A celebration of French culture and cuisine took place at Pitt Meadows Elementary this week.
The week called La Semaine de la Francophonie had 528 students and staff participate in various activities, organized by support teacher Melissa Gilders-Joseph.
“Canada is a multicultural country! Students and adults in our school come from a vast range of nations, races, religions, and heritage. This multicultural diversity comes from centuries of immigration. As a result, a diverse population is now one of the distinctive features in our community,” explained Gilders-Joseph about why the event was held.
Every day during the week from March 6-10, students listened to French songs. They also played bingo to learn new vocabulary.
Poutine was served both Monday and Tuesday. There was also a storytelling session on Tuesday, where a bilingual book was read to many classes.
During a start-up assembly, a student from each classroom carried a flag into the gym from a country where people speak French in the world. The flags were placed on a world map so that the students were able to see where those countries are located.
Classrooms watched a short French clip from Radio Canada and answer comprehension questions and there was a dance performance by V’ni Dansi, a Vancouver-based traditional Métis and contemporary dance company dedicated to sharing the dances, stories, and culture of the Métis.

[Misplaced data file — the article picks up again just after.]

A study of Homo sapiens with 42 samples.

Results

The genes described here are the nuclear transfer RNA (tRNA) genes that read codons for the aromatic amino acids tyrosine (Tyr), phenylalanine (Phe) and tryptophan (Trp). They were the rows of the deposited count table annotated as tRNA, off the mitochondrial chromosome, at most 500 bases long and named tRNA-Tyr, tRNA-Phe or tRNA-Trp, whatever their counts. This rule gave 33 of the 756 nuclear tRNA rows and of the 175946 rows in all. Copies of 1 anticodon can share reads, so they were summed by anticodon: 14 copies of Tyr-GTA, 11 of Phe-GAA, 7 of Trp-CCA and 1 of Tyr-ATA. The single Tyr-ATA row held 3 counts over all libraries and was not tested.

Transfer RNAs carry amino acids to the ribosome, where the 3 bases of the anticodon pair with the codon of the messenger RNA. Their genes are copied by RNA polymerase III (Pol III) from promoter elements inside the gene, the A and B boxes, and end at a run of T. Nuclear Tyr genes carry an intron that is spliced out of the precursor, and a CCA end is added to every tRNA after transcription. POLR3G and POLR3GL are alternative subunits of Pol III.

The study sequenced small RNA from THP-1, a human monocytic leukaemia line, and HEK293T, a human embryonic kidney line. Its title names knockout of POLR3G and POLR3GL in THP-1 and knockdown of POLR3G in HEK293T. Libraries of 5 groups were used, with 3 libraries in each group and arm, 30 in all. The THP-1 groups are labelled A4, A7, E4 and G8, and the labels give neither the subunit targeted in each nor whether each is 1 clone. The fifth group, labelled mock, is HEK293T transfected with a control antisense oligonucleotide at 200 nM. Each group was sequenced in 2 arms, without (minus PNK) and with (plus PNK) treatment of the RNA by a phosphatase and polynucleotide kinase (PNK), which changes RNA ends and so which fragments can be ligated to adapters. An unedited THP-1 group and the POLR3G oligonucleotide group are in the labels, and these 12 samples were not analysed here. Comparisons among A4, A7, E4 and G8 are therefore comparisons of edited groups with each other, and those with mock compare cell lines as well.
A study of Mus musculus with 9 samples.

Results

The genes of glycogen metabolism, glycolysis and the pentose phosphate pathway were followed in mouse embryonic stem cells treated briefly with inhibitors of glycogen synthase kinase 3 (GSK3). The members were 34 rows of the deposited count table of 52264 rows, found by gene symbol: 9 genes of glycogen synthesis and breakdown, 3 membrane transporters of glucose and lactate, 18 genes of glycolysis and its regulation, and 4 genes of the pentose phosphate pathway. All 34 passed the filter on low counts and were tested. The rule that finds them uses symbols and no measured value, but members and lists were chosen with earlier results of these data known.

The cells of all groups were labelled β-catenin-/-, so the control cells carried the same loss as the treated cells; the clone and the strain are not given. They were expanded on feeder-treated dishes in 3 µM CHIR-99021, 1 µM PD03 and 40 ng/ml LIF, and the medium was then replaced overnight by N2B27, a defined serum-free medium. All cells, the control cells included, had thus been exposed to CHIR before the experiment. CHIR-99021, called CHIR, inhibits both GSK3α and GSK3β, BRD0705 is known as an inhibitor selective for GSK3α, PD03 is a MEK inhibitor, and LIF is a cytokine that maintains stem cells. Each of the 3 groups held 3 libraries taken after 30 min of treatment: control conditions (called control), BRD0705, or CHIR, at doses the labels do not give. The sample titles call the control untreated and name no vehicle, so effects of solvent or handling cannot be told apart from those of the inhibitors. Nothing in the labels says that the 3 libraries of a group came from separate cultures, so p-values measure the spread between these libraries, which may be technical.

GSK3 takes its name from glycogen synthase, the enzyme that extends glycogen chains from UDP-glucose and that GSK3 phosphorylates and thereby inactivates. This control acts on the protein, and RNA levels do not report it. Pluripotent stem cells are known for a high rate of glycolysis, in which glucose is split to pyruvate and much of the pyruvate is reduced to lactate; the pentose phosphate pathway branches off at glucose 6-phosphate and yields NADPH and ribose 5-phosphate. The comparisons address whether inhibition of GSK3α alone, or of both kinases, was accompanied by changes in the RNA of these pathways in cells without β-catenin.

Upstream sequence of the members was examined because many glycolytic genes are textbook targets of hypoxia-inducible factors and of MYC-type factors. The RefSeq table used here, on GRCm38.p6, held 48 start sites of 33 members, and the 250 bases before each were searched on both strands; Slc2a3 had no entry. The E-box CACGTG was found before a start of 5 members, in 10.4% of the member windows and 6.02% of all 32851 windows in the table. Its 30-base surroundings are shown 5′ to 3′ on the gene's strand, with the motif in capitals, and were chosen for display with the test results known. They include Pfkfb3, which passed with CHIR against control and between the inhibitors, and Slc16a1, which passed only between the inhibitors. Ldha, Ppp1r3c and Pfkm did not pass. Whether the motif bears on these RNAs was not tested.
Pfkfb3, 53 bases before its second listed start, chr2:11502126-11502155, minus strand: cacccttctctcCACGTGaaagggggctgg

A picnic held on Wednesday with cheese, croissants, grapes, and sparkling juice.
Students created instruments for a traditional parade called a Tintammare, which is celebrated by Acadians. The parade was held at the school on Thursday.
Also on Thursday a sports day was held where students were physically active outside participating in different activities.
Throughout the week, each classroom did a research project to learn about a country where people speak French.
Then to finish off the week, The Maple Man, aka Rene Turmel, who travels the country teaching children about French Canadian culture, was presenting at the school.
This March 20th was the 21st annual B.C. Francophonie Day – which coincides with International Francophonie Day.
Adrian Dix, Minister of Health and Minister Responsible for Francophone Affairs, issued a statement about the contributions of French-speaking residents to the province.
“This year, we recognize the significant contributions francophone organizations in British Columbia make in helping francophone newcomers feel welcomed, settled and integrated in our province,” said Dix.
Dix also announced $250,000 in ongoing funding to support projects benefiting Francophonie in B.C. and handed out the B.C. Francophonie Day Award to an organization in Prince George, Le Cercle des Canadiens Francais de Prince George, for providing a welcoming environment for immigrants and helps with their community integration.
“British Columbia is home to thousands of French-speaking residents and welcomes many French-speaking Canadians and newcomers annually, all of whom contribute to the richness of the province,” continued the Minister.
La Francophone is celebrated around the world every year during the month of March with the goal of celebrating the French culture and getting together with others and sharing.